Maintain Your Habitat

Once your site is certified, you will need to make sure it is maintained.

Make a plan of what needs to be done and by whom. Your habitat will need watering, weeding, and other maintenance throughout the summer and following school year. Also include sustainable gardening practices in your maintenance plan.

Regular and Ongoing Maintenance:

  • Watering: This is most important just after planting and during drier parts of the year.
  • Cleaning and Refilling: Bird baths need to be cleaned and refilled regularly. In the hot summer months, this should be done every couple of days to guarantee a good source of water and mosquito control.
  • Weeding/Removing Invasive Exotics: Your site does not need to be weed free, but if invasive exotics are ignored, they will cause you more problems later.
  • Cleaning Feeders: Whether it is a seed feed in winter or a hummingbird feeder in the fall and spring, it is important to keep your feeders clean.
  • Removing Litter: Litter gives the impression that your site is unimportant, which can lead to vandalism.
  • Maintaining compost pile

Custodial staff may help but most projects should include students, parents, educators and community members. Plan some planting and maintenance days or make a schedule for regular volunteers, especially in summer when people tend to go on vacation.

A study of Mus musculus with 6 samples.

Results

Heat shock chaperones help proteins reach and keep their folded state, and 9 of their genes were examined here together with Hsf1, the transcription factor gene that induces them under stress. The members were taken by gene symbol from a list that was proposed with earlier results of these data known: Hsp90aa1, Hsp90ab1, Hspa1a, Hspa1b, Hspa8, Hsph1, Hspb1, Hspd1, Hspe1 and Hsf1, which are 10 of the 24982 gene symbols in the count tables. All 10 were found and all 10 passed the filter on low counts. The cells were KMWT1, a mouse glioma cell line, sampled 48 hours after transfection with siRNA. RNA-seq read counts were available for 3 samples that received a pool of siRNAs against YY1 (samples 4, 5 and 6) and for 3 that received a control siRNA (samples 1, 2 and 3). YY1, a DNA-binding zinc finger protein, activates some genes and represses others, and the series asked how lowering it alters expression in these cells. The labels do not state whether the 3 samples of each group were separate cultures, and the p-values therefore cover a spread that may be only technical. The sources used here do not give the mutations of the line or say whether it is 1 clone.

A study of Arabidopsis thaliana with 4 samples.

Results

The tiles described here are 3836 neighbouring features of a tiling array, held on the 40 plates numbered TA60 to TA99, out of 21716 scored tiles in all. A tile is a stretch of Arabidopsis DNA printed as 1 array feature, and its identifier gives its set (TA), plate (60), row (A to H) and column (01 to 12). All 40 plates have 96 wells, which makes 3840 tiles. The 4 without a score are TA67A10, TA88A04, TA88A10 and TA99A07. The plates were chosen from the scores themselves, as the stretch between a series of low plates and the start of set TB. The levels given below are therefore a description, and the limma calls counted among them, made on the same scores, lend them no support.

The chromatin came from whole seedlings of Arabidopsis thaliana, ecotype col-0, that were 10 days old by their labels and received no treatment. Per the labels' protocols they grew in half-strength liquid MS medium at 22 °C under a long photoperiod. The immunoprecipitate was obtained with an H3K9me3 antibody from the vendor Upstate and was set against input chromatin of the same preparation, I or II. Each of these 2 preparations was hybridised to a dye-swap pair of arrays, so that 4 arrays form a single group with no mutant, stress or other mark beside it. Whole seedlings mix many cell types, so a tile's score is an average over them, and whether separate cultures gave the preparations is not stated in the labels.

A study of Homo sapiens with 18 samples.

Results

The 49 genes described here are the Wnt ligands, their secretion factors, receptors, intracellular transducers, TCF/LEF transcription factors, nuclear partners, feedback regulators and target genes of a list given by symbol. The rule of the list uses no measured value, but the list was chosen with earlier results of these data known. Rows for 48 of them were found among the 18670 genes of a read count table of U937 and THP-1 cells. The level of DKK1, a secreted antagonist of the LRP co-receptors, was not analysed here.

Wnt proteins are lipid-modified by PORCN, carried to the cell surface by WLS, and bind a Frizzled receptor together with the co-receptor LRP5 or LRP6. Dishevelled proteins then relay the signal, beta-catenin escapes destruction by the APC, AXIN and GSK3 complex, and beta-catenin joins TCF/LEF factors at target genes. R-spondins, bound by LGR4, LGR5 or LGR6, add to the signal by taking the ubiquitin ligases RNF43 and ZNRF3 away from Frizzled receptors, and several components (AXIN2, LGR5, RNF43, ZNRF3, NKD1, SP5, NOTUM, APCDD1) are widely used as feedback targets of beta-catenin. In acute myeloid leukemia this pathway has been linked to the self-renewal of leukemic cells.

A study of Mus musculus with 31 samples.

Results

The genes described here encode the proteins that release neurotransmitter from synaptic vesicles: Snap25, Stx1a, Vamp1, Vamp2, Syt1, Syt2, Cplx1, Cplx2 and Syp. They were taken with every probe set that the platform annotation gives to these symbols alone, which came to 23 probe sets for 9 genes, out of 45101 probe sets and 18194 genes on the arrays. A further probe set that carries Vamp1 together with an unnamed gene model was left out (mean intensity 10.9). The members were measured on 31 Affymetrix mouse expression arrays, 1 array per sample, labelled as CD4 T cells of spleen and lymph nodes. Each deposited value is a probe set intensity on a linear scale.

Seasonal Maintenance Plan:


  • Keep water source free of ice (if applicable)
  • Clean old nests from bird nest boxes
  • Put up new bird nesting boxes
  • Build bat boxes and bird boxes and feeders
  • Make labels and signs for the habitat
  • Design your habitat landscape and any new additions
  • Plan Spring projects


  • Check soil conditions (adjust as needed)
  • Check everything for winter damage
  • Conduct cleanup and planting day
  • Clean up habitat and remove litter
  • Plant perennials and shrubs
  • Monitor nest boxes
  • Add mulch (as needed)
  • Obtain and train volunteers to handle summer maintenance


  • Fertilize plants with compost
  • Be sure to water!
  • Keep bird baths and ponds filled
  • Remove weedy invasive plants
  • Harvest vegetables and some flowers


  • Divide and replant perennials
  • Plant bulbs
  • Plant trees
  • Mulch or cover young trees and plants for winter
  • Clean up habitat and remove litter

Where We Work

More than one-third of U.S. fish and wildlife species are at risk of extinction in the coming decades. The National Wildlife Federation is on the ground in seven regions across the country, collaborating with 53 state and territory affiliates to reverse the crisis and ensure wildlife thrive.